U.S. v. Hernandez-Becerra – Federal Court of Appeals for the Ninth Circuit
Court: Federal Court of Appeals for the Ninth Circuit
Case No.: 18-50403
Hearing Date: N/A
The case involves a noncitizen defendant-appellant who, like others, was prosecuted through Operation Streamline (“Streamline”), the Department of Justice’s fast-track, “zero-tolerance” prosecution program for alleged violations of 8 USC 1325 (illegal entry). Defendants are subjected to detention conditions that lead to serious cognitive impairments, including attention problems, increased suggestibility, impaired memory, and slower mental processing speeds. While still suffering from the acute physical and mental effects of their detention, defendants are transferred for criminal prosecution directly to Streamline proceedings, where they are quickly processed en masse in abbreviated hearings. The issue presented is whether magistrate judges reversibly err when failing to ensure that a defendant’s plea is knowing, voluntary, and intelligent where a defendant raises concerns about the coercive nature of the proceedings that materially affects their cognitive, emotional, and physical capacities.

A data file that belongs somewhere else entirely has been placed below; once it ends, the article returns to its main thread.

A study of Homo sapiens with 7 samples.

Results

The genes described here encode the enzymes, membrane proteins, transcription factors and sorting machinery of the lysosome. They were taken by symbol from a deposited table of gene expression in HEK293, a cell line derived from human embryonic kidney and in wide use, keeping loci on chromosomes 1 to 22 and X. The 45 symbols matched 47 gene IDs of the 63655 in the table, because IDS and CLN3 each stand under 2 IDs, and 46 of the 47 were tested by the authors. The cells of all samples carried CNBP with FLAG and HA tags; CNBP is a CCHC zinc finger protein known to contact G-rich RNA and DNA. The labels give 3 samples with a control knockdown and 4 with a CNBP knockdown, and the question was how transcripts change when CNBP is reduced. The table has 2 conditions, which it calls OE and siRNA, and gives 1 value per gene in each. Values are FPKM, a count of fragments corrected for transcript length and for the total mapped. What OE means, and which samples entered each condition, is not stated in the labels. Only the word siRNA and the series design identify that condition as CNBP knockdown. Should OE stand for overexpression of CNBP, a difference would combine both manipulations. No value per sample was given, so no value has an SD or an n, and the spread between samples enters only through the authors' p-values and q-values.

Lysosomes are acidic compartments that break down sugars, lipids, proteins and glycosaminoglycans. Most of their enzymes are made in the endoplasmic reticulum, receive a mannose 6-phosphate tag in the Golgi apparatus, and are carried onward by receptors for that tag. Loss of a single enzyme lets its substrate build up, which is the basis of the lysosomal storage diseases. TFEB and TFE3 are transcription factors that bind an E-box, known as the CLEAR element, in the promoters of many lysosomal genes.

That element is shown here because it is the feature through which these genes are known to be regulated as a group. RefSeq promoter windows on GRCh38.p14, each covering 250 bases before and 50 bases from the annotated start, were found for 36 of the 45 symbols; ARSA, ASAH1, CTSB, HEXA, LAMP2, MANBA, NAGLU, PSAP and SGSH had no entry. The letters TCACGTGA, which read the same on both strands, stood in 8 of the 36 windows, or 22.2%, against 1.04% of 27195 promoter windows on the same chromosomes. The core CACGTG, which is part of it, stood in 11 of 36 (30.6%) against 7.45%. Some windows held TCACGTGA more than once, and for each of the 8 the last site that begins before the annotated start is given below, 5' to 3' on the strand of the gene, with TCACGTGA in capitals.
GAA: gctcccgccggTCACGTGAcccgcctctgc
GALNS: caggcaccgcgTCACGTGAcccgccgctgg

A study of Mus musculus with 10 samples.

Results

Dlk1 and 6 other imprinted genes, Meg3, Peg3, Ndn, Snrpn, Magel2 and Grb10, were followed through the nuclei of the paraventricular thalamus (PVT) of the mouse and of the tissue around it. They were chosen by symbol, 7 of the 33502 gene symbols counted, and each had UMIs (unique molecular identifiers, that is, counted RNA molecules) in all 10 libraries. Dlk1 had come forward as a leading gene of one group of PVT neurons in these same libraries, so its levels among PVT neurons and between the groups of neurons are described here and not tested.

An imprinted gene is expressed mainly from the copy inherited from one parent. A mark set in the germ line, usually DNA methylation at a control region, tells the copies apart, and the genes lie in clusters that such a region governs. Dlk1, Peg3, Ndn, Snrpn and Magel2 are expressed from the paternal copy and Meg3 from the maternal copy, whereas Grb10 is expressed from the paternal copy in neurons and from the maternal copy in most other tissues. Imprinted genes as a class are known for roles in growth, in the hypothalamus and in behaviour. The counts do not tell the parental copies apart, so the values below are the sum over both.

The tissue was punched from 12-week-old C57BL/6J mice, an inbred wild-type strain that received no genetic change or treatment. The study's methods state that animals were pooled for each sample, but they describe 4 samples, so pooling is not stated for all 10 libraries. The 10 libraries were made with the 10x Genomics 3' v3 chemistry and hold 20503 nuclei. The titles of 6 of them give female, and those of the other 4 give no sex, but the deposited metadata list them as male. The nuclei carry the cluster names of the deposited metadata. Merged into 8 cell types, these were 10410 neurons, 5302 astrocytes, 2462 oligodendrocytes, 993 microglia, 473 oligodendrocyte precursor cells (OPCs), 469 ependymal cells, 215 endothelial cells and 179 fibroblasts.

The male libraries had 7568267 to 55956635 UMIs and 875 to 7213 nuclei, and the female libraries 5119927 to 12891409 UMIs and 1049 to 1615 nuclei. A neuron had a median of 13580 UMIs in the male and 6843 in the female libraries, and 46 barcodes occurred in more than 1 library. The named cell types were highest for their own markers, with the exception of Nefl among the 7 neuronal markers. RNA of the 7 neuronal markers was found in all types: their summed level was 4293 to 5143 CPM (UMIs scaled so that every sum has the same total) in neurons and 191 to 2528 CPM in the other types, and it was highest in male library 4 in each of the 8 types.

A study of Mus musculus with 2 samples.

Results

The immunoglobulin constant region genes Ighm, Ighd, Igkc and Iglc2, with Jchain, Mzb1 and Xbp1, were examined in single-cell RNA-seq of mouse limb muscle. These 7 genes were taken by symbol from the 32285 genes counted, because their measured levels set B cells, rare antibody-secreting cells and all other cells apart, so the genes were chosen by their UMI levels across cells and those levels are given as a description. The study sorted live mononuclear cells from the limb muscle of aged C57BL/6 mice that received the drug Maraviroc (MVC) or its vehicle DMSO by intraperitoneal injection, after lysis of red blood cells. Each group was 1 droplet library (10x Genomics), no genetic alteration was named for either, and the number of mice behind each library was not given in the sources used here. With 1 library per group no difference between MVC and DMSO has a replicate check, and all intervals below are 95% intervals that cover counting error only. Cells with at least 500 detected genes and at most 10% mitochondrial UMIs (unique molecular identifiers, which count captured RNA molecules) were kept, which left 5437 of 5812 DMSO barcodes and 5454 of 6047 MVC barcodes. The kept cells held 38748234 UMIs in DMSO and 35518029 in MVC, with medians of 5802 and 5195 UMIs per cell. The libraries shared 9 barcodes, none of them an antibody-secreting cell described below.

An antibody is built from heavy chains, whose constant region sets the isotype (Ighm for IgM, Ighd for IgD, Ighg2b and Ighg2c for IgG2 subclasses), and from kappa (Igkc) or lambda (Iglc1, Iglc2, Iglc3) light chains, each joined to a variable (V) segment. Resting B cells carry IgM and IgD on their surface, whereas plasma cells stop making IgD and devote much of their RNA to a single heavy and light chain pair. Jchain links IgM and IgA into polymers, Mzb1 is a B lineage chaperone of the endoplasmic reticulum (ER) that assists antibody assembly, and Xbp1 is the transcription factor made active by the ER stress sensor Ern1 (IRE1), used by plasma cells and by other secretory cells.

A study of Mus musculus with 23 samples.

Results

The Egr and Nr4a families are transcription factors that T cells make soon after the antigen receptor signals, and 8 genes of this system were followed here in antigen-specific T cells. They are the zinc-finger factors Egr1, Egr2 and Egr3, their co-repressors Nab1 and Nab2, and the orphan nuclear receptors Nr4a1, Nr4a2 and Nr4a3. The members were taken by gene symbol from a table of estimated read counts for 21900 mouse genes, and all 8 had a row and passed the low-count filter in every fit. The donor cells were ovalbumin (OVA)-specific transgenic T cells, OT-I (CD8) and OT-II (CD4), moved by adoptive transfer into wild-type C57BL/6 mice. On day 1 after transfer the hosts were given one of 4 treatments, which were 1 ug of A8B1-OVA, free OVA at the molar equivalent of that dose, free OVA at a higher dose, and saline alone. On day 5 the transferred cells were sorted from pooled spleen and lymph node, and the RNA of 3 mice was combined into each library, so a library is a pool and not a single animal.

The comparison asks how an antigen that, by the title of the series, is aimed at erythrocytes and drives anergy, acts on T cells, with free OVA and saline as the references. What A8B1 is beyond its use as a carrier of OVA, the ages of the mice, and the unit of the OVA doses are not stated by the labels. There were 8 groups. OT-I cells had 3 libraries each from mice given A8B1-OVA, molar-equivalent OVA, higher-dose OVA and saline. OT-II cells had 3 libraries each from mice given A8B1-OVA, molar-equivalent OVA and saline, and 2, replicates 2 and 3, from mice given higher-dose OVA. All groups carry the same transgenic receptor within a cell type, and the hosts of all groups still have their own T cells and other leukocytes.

WDA joined 41 leading nonprofit organizations, immigrant rights and community groups, law clinics, and mental health providers as amici curiae. Amici argue that it is a court’s duty to ensure that a defendant’s guilty plea is knowing, voluntary, and intelligent. Under Federal Rule of Criminal Procedure 11 (“Rule 11”), which enshrines the due process safeguards required by the Constitution, this duty requires a more searching inquiry into the voluntary, knowing, and intelligent nature of each defendant’s plea—not merely a generalized, rote colloquy. Such an inquiry should include questions about how the detention conditions and procedural shortcuts have affected the mental state of each defendant.